Nearly Half of Young Adults Prefer to Buy Pet Rather Than Adopt
A study also finds that 46 percent of people ages 18 to 34 believe shelter animals are less desirable.
DC News Team |
Posted: April 26, 2013, 4 p.m. EDT
A survey conducted by Best Friends Animal Society of Kanab, Utah, identified what the organization called a disconnect in how young Americans approach pet adoption.
The survey results, released April 24, found that 46 percent of people ages 18 to 34 were more likely to purchase a pet from a breeder or store rather than consider adoption. In addition, the same percentage believed that shelter animals were less desirable than those obtained from breeders.
"We were sad to learn that to some extent animals in shelters are stereotyped by young adults as damaged goods,” says Gregory Castle, the society’s CEO and co-founder. "The fact is that every day in this country perfectly wonderful family pets land in shelters through no fault of their own, all of whom need and deserve a home of their own.”
Nearly 40 percent of the young adults surveyed thought homeless animals were not necessarily at risk and would remain in a shelter until adoption. About 4 million cats and dogs are euthanized each year in city shelters, Best Friends reports.
Out of the 1,000 adults of all ages surveyed by telephone in November 2012, 90 percent considered themselves pet lovers and 86 percent believed that showing affection to a pet was very important. When it came to an animal’s health, 66 percent believed in regular veterinary check-ups and 65 percent thought their pet should be spayed or neutered.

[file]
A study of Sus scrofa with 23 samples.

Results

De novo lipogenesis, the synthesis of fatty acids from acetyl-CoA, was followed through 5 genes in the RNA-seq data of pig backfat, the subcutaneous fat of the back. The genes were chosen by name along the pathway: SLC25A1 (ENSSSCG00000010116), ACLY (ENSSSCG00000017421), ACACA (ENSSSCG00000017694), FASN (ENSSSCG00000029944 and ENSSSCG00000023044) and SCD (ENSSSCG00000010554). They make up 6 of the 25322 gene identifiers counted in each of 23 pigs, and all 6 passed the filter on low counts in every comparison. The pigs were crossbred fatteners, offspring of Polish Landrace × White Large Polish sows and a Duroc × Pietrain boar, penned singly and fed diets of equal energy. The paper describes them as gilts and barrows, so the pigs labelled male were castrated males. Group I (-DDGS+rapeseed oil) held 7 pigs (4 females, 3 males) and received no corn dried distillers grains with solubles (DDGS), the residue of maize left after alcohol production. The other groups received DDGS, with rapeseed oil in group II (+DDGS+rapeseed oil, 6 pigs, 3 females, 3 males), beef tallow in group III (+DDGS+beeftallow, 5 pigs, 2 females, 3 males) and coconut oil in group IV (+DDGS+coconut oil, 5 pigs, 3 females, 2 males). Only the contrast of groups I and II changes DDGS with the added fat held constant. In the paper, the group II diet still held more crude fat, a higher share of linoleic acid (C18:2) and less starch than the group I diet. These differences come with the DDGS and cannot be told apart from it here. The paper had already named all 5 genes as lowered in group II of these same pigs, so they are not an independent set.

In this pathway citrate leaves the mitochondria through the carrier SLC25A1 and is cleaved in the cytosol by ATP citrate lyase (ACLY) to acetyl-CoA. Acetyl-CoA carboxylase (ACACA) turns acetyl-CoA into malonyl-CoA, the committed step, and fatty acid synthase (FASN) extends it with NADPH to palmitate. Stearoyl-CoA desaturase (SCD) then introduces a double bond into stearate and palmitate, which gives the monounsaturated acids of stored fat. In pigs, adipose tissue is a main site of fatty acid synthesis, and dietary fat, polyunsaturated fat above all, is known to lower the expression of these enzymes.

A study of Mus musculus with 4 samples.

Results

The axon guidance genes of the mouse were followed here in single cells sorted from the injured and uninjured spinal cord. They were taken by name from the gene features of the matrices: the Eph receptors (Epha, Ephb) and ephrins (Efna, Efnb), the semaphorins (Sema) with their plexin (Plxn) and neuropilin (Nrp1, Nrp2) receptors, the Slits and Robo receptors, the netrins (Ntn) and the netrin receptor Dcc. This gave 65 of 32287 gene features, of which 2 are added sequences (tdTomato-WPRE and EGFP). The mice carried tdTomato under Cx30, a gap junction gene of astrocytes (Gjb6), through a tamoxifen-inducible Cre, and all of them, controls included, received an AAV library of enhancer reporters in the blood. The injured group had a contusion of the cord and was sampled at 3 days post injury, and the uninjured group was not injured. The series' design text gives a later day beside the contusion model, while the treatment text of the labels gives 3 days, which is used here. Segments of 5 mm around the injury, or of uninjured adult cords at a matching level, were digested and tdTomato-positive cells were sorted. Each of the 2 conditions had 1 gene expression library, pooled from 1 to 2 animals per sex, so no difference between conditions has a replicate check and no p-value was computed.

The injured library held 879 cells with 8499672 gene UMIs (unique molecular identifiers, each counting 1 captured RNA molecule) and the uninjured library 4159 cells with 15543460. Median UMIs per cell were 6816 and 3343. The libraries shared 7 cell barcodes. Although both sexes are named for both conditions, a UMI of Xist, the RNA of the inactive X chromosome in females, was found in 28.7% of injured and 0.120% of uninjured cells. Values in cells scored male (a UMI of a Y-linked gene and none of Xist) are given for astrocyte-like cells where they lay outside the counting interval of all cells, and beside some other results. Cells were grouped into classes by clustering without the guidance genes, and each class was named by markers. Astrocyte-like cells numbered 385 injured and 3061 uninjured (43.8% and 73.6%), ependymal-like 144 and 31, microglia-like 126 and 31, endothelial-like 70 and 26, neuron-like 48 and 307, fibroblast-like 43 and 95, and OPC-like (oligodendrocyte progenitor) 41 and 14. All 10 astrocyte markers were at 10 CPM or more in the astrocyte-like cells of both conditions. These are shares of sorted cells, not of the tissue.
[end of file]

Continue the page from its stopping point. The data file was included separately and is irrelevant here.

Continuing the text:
"The fact that people love pets, but one-third of those do not know the importance of vet checks and spaying/neutering indicates that we have more work to do in getting the word out there about the realities of adopting shelter pets,” Castle says.
Four out of five adults believed that all cats and dogs should be sterilized to reduce overpopulation, but only 33 percent were aware that spaying and neutering helps improve behavior and 28 percent knew the practice can improve pet health, Best Friends reports.
Best Friends is a no-kill organization that works with animal welfare groups nationwide.
"Our initiatives focus on animals that are at the highest risk of entering and dying in America’s shelter system,” Castle says. "Obviously, we are not there yet, but we’re making progress.”